Environment and society

Over the past 20 years, countries have been working both locally and collectively as an international community to ensure that the conservation and sustainable use of the environment leads to sustainable growth, helping to lift people out of poverty permanently.

The three environmental crises of climate change, nature loss and pollution are pushing the planet to dangerous tipping points and threatening to undermine decades of development progress. Economic development and growth can no longer be achieved at the expense of the planet’s natural capital. It has become necessary to work to address the factors causing environmental degradation and nature loss so that we can achieve green, resilient and inclusive development.

Natural resources provide livelihoods for billions of people. When renewable natural resources, watersheds and productive terrestrial and marine environments are better managed, they provide the foundation for achieving inclusive and sustainable growth, food security, reducing poverty and enhancing human well-being. The existence of a clean environment is an essential factor in ensuring that individuals are able to live healthy and productive lives, and that it is possible to invest public and private resources in promoting the development process instead of being limited to addressing pollution problems. The world’s ecosystems help regulate the air, water and soil resources on which we all depend, and form a unique and cost-effective buffer against extreme weather events and climate change.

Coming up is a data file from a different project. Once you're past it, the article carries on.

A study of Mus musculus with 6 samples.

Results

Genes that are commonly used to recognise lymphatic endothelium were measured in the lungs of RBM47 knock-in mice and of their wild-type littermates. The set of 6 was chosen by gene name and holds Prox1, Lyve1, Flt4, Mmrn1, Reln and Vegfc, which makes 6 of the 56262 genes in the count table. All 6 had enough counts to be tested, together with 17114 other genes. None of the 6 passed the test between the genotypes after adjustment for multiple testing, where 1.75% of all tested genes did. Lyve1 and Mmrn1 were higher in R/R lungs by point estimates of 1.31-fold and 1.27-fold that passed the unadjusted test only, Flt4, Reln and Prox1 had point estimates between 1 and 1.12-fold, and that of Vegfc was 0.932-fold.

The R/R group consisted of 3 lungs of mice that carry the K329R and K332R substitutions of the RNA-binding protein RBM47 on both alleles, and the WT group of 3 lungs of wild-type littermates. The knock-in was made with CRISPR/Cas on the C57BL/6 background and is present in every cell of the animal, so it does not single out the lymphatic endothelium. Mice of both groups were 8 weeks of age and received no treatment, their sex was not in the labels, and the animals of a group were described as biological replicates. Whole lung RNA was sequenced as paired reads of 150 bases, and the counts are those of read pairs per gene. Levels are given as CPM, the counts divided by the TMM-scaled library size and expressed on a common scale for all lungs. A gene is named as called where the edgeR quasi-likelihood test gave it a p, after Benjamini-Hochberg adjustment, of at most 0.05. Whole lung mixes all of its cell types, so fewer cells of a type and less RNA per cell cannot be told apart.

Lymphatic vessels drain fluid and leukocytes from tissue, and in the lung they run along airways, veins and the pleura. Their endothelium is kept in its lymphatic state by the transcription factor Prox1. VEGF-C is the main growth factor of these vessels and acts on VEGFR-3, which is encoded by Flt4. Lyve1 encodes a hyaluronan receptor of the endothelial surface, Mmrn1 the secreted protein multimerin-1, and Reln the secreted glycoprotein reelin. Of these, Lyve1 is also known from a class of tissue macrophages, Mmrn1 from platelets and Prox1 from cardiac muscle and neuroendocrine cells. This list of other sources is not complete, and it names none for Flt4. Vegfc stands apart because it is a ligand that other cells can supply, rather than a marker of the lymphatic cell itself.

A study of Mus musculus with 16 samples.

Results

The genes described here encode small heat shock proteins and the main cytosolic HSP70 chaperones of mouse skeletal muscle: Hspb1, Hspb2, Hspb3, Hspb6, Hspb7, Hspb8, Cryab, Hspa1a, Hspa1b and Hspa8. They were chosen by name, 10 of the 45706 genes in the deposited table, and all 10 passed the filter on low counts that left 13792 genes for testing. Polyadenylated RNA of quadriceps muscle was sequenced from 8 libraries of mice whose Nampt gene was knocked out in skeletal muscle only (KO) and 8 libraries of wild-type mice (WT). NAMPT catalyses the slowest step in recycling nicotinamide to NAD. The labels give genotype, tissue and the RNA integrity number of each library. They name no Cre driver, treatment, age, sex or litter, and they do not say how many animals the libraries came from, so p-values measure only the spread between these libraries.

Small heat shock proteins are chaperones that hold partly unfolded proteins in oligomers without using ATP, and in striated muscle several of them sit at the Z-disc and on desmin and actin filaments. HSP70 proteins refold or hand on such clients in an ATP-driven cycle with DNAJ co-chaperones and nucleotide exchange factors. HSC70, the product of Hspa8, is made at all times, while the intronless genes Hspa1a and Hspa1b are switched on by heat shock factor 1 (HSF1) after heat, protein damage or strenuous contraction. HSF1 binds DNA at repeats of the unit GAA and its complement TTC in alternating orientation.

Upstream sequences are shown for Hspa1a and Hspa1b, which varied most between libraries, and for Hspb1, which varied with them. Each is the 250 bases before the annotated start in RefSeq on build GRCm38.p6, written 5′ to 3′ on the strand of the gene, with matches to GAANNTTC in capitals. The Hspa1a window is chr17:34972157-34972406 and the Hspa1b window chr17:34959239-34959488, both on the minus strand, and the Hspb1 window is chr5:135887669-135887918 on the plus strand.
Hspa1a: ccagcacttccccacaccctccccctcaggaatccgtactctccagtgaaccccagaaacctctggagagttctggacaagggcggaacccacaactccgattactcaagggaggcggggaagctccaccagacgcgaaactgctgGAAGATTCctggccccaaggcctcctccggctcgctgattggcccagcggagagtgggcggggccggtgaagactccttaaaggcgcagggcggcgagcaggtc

Achieving sustainable growth requires better integration of environmental, climate and development actions, as set out in recent global commitments, including the Global Biodiversity Framework approved in December 2022 at the 15th Conference of the Parties to the Convention on Biological Diversity. To achieve this, countries must improve natural resource management, adopt green fiscal policies, establish greener financial markets, and effective waste management programs.

In particular, the nature and climate change agendas are complementary, and there are synergies that need to be exploited to promote green, resilient and inclusive development, with the benefits of nature-smart policies increasing significantly when carbon capture services are taken into account.

Increased attention is needed to ensure that nature becomes an engine for economic and social development. Investing in nature can contribute to economic recovery by creating jobs, targeting aid to the poorest communities, and building long-term resilience.